For more than seven decades, Queen Elizabeth was a commanding presence, a monarch wholly dedicated to the service of the British people, beloved by billions of people around the world, an enduring constant bridging the second half of the 20th Century with the first two decades of this millennium.
Her death on Thursday, peacefully at Balmoral Castle in Scotland, is one of those moments that everyone will recall for decades to come of where they were when our Elizabethan era came to an end.
For her family, this is indeed a moment of profound sadness, the loss of a mother, grandmother and great-grandmother. For Britons, the vast majority of whom knew no other monarch, her passing too is a time of great sadness. And for some two billion people the world over who live in Commonwealth nations, her death is an historical milestone unparalleled in decades.
She was a constant in public life, a figure of humility — and humour — a monarch who reigned during a time of unprecedented change, upheaval and renewal. It is a reign that spanned 15 Prime Ministers and stretched from a time where the United Kingdom and its Empire were still coming to grips with the enduring effects of the emerging from the ruins of the Second World War and subsequently transformed into a brotherhood of Commonwealth nations.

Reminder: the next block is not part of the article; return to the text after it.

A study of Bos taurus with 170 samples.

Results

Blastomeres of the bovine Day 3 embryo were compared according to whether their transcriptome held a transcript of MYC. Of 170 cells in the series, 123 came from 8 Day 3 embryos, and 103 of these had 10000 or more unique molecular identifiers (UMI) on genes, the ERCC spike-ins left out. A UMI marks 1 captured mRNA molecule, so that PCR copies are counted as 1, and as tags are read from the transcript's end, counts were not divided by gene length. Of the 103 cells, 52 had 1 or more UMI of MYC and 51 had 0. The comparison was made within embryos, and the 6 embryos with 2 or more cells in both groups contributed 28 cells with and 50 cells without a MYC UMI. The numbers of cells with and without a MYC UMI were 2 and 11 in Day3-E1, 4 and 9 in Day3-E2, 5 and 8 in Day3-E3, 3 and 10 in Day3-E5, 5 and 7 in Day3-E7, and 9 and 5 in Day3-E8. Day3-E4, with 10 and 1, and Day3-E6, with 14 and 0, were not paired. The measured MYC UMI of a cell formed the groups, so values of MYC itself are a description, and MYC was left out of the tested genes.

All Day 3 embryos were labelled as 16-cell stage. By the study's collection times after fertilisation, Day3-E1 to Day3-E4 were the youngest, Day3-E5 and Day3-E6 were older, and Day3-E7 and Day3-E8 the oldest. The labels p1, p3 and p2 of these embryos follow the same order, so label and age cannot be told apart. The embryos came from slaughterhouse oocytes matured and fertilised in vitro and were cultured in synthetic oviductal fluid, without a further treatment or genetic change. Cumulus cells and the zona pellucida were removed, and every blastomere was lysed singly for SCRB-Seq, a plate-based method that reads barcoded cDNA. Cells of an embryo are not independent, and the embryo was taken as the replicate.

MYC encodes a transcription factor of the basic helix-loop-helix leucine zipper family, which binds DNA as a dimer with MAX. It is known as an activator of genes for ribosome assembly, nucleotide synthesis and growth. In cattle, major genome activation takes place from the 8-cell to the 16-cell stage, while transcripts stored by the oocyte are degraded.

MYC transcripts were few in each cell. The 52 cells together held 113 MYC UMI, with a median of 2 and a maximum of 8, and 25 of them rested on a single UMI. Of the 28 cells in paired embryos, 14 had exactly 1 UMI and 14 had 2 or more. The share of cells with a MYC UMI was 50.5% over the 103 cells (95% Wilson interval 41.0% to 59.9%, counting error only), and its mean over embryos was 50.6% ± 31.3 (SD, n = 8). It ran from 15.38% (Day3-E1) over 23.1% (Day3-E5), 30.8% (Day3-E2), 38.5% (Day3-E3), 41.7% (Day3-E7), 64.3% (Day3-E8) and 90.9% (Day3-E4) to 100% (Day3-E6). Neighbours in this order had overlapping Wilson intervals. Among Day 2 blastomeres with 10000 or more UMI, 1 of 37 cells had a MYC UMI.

She was deeply loved and is mourned deeply too, with grief being the painful price we pay for love.
This is a time too of transition, a nation that is led in its grief by King Charles III. The monarchy is a symbol of enduring stability and a constant in the sea of change.
Here in the UAE, President His Highness Sheikh Mohamed Bin Zayed Al Nahyan extended condolences to the people of the UK, noting that “Her Majesty was a close friend of the UAE and a beloved and respected leader whose long reign was characterised by dignity, compassion and a tireless commitment to serving her country.”
These next days will be a time of official mourning, where the people of the UK and the Commonwealth will remember her generosity of spirit, her quiet leadership, her dignity and, above all, her unstinting service to her people.
Today, it is hard to imagine Britain without her — the constant and enduring symbol of state, a mother, the matriarch of a nation and a beloved figure for generations the world over.
“The death of my beloved mother, Her Majesty the Queen, is a moment of the greatest sadness for me and all members of my family,” King Charles said on Thursday night, adding that during this moment of change “my family and I will be comforted and sustained by our knowledge of the respect and deep affection in which the Queen was so widely held.”
This is a sad and historic moment for the Royal Family, for all Britons and those in the Commonwealth, mourning a woman of grace, presence, dignity and dedication.
Long she reigned; God save the Queen. Yes — and God save the King.